Rheumatoid arthritis (RA) is an autoimmune disease. For reasons doctors still do not understand, the immune system attacks the body’s own tissues, especially the synovial joint.
The synovial joint consists of a clear lubricating fluid secreted by synovial membranes. The capsule formed by synovial membranes and fluid lines the joint allowing bones to move without friction or pain. RA involves an inflammatory response of the synovial joint, secondary to swelling of synovial cells, excess synovial fluid, and the development of fibrous tissue in the synovium.
RA typically affects the synovial joints of the hands and feet. It causes inflammation, swelling, pain and stiffness. Chronic inflamation can damage soft tissue and erode bones thereby causing deformity of the affected joint.
During the initial interview with an RA client, I inspect the hands and feet. Usually several joints of the fingers of both hands are swollen. Often several toes are crooked and sometimes have curled inward.
RA can affect larger joints such as the knees, spine and shoulders. RA can also produce inflammation in the membranes around the heart and lungs.
In addition to the chronic day to day pain caused by joint inflamation, individuals with RA also experience flares of the disease when the pain dramatically increases and affects many large joints. RA flares are terribly debilitating.
If you suspect you have RA, it is important to seek treatment from a Rheumatologist. Left untreated RA will destroy the soft tissue and bones of numerous joints. The deformed joint then become another pain generator. Moreover, there are numerous medicines available that can be effective in the management of this disease. There is no known cure.
From a legal standpoint, the Social Security Administration (SSA) analyses an RA case pursuant to Listing 14.09. Most of the time SSA ultimately decides the case pursuant to the Medical Vocational Guidelines, but Listing 14.09 should always be the starting point for case analysis.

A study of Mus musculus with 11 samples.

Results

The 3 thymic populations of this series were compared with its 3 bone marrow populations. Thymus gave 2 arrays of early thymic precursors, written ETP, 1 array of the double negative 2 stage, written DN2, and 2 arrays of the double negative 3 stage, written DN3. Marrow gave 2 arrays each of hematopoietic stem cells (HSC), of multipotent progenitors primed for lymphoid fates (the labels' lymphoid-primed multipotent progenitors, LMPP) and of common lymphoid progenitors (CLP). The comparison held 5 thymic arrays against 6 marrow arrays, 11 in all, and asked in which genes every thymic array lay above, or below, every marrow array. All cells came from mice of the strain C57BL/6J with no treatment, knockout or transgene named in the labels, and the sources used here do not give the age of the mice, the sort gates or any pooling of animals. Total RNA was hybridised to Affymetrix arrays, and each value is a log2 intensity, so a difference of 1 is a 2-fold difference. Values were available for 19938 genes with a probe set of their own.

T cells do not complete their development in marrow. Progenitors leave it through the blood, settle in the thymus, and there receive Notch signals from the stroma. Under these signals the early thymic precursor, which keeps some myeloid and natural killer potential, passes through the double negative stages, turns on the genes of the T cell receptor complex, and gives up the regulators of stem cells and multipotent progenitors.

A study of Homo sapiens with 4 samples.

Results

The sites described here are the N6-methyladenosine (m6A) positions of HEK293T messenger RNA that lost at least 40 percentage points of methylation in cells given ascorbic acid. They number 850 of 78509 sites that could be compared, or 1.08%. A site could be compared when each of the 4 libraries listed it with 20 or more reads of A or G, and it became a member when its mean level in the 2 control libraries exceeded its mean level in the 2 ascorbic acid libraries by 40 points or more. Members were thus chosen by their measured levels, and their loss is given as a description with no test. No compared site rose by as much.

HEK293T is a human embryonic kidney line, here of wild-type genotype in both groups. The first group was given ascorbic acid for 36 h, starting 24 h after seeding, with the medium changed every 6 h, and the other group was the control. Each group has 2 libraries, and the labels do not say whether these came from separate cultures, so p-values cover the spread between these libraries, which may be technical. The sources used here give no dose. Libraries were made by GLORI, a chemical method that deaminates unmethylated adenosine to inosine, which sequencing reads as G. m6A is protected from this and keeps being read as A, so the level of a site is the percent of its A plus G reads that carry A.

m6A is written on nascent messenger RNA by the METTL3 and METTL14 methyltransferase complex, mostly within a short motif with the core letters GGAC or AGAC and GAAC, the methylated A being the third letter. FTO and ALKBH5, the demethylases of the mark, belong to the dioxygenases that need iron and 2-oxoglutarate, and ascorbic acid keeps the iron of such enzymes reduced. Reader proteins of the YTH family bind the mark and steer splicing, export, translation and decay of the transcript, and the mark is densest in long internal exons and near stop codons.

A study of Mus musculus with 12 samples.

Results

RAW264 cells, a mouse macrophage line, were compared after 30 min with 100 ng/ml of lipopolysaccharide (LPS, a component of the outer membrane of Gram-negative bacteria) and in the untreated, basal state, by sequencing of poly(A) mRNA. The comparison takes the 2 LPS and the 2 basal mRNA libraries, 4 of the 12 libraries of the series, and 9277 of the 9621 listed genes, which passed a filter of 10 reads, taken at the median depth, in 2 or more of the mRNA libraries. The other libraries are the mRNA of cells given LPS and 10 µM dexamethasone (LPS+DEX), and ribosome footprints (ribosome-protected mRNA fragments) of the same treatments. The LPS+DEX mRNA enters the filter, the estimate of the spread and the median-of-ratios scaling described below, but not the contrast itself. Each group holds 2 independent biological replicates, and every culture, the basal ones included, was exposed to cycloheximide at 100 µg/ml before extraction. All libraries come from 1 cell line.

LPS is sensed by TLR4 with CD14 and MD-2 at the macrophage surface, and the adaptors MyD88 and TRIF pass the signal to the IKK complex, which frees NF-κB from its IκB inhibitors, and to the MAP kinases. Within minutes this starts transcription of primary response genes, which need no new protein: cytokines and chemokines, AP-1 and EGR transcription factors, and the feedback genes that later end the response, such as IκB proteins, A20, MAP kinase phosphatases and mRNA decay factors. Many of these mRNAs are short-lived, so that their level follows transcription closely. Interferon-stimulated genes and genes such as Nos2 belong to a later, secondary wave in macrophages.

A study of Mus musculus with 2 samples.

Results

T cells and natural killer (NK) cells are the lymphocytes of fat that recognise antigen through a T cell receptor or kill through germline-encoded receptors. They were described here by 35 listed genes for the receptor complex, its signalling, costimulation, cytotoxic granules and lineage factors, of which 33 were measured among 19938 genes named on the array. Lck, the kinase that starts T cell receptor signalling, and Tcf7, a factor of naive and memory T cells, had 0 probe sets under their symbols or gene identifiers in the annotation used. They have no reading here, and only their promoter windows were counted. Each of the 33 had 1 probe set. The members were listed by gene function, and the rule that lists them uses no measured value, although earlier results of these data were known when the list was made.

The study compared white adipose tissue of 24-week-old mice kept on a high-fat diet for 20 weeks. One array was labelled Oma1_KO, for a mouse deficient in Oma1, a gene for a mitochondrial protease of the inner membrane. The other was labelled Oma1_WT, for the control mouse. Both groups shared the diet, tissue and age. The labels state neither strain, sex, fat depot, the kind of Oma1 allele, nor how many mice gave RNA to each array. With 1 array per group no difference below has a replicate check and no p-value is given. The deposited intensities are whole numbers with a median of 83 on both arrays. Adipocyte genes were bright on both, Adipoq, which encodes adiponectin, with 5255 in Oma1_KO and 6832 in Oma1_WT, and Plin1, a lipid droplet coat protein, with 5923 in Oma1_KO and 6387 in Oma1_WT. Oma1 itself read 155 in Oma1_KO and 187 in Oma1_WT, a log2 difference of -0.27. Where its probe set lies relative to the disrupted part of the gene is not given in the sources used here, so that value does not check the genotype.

I have been representing RA clients in their efforts to obtain disability benefits for 25 years. From this experience I have several observations.
- I have found disability Judges to be knowledgeable and understanding about RA. I attribute this favorable treatment to the fact that the impairment caused by RA can be seen because it results in physical deformities. I regularly take photographs of my clients’ deformed fingers and toes.
- Like most impairments, SSA usually only awards disability in the most severe RA cases. Most of my RA clients who are awarded disability benefits worked for several years with RA and stopped working only when the disease reached an advanced stage and the unpredictable flares became frequent occurrences.
- The type of job the individual has is an important factor in terms of disability. It is very difficult to perform manual labor very long with RA. Clients with education who have jobs that are primarily intellectual rather than manual have a much better chance of being able to perform their job duties despite the limitations caused by RA.
In summary, I offer the following advice to individuals with RA considering disability. First, seek treatment from a rheumatologist. Second, work as long as you possibly can. SSA responds better to advanced RA cases. Plus, being able to demonstrate a strong work ethic is helpful when a disability Judge is evaluating your case.